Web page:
A novel method to hypothesize the movements of archaeological metal: a case study on the bronze metallurgy in the central Eurasian Steppe Belt by the second millennium BC
Traditionally, archaeometallurgists have been focusing on the provenance of metal which assumes a direct linkage between the chemistry of metal ores and metal objects. On the basis of this assumption, they have attempted to reconstruct the flow of raw material across regions/cultures. However, this approach is potentially flawed, since the recycling of metal would alter the initial composition of objects, making the straightforward comparison of metal and ore chemistry problematic.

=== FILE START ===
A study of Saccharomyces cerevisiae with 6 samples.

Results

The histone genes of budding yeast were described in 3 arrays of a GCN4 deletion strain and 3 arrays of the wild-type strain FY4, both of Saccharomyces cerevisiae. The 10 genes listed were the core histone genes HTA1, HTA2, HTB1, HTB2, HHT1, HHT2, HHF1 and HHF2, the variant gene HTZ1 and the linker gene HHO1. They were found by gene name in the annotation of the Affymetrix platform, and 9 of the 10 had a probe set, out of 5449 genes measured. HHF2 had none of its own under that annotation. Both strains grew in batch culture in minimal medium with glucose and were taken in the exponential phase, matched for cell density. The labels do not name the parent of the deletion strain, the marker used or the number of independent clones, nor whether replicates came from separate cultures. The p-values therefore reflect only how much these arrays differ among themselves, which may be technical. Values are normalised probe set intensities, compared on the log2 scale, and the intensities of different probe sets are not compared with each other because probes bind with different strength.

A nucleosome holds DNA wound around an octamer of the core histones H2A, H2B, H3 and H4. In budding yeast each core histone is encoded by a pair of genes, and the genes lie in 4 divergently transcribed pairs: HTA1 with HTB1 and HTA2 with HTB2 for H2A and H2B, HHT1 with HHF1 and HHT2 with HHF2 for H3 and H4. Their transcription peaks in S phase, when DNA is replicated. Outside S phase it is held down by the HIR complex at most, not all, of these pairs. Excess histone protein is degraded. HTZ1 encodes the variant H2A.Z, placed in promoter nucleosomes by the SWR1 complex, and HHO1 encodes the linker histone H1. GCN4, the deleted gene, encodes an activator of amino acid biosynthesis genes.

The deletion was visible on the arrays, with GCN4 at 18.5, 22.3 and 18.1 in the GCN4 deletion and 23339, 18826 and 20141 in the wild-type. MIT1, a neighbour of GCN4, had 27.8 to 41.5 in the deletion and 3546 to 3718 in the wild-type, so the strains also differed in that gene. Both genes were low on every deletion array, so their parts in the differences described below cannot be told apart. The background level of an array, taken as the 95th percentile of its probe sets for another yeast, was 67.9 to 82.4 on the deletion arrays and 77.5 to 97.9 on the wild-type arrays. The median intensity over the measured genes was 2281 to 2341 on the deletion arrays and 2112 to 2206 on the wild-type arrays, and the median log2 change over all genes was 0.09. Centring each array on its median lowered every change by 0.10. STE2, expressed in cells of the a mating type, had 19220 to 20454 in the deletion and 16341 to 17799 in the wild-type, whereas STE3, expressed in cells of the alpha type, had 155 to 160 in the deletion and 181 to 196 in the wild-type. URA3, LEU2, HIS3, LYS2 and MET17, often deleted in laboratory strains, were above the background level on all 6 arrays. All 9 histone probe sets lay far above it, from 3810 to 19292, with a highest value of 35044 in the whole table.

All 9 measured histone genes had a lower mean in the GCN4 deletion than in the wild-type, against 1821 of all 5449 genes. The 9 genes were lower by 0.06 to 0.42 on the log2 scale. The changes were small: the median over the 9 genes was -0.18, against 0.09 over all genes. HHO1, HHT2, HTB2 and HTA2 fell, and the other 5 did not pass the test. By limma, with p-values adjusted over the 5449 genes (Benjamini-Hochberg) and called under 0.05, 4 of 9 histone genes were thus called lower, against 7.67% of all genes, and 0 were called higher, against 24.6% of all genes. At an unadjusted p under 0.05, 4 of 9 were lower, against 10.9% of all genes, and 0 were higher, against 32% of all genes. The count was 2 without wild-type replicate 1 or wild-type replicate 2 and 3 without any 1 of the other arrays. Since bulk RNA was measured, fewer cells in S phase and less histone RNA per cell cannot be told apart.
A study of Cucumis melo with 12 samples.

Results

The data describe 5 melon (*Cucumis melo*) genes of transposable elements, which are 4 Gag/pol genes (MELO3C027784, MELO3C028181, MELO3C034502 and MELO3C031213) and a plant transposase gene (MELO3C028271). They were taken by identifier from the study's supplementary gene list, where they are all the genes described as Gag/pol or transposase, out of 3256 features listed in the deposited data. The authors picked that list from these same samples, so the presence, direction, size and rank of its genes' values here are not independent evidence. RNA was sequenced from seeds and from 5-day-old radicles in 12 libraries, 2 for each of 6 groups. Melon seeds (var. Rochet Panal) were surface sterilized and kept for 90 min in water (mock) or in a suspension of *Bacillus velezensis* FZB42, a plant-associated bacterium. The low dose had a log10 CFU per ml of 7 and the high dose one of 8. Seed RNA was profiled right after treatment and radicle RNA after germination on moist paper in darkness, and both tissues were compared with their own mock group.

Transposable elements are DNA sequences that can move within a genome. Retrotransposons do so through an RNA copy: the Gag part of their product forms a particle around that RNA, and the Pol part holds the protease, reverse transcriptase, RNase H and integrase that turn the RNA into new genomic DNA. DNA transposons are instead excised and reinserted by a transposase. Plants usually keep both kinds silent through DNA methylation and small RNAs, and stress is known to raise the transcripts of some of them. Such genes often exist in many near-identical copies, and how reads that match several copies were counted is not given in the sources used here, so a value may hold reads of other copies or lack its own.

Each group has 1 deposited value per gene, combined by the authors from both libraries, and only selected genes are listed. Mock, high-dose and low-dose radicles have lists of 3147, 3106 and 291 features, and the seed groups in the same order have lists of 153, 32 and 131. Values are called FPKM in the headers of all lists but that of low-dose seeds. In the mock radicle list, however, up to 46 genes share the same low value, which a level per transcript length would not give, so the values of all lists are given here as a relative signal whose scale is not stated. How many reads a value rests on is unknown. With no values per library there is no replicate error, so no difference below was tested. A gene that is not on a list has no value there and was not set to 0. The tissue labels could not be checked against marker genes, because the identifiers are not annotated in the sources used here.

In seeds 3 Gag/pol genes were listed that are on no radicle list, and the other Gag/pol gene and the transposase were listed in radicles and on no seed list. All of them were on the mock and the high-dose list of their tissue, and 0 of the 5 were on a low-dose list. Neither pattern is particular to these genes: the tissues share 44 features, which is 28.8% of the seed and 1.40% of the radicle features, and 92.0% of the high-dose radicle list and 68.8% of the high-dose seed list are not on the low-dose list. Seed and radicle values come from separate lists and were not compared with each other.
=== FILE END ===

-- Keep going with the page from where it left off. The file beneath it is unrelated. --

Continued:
Rather than associating metal with ores, a new method proposed here treats the chemistry of objects as the records of their life history. The chemical composition encloses the information concerning bronze recycling and recasting, suggesting the possible circulation of metal across space and time. Certain metallic elements, with predictable thermodynamic behavior, may indicate the flow of metal between different bronze-producing societies.
This model is applied to the bronze assemblage in the central Eurasian Steppe Belt between 2200 and 1700 BC, ranging from Siberia to Don River Basin. The chemical results show that the tin-bronze production, possibly from the Altai region, moved westward to the Volga River Basin. On the other hand, major copper resources potentially concentrated on the Minusinsk Basin in the east and Cis-Ural/Volga regions in the west.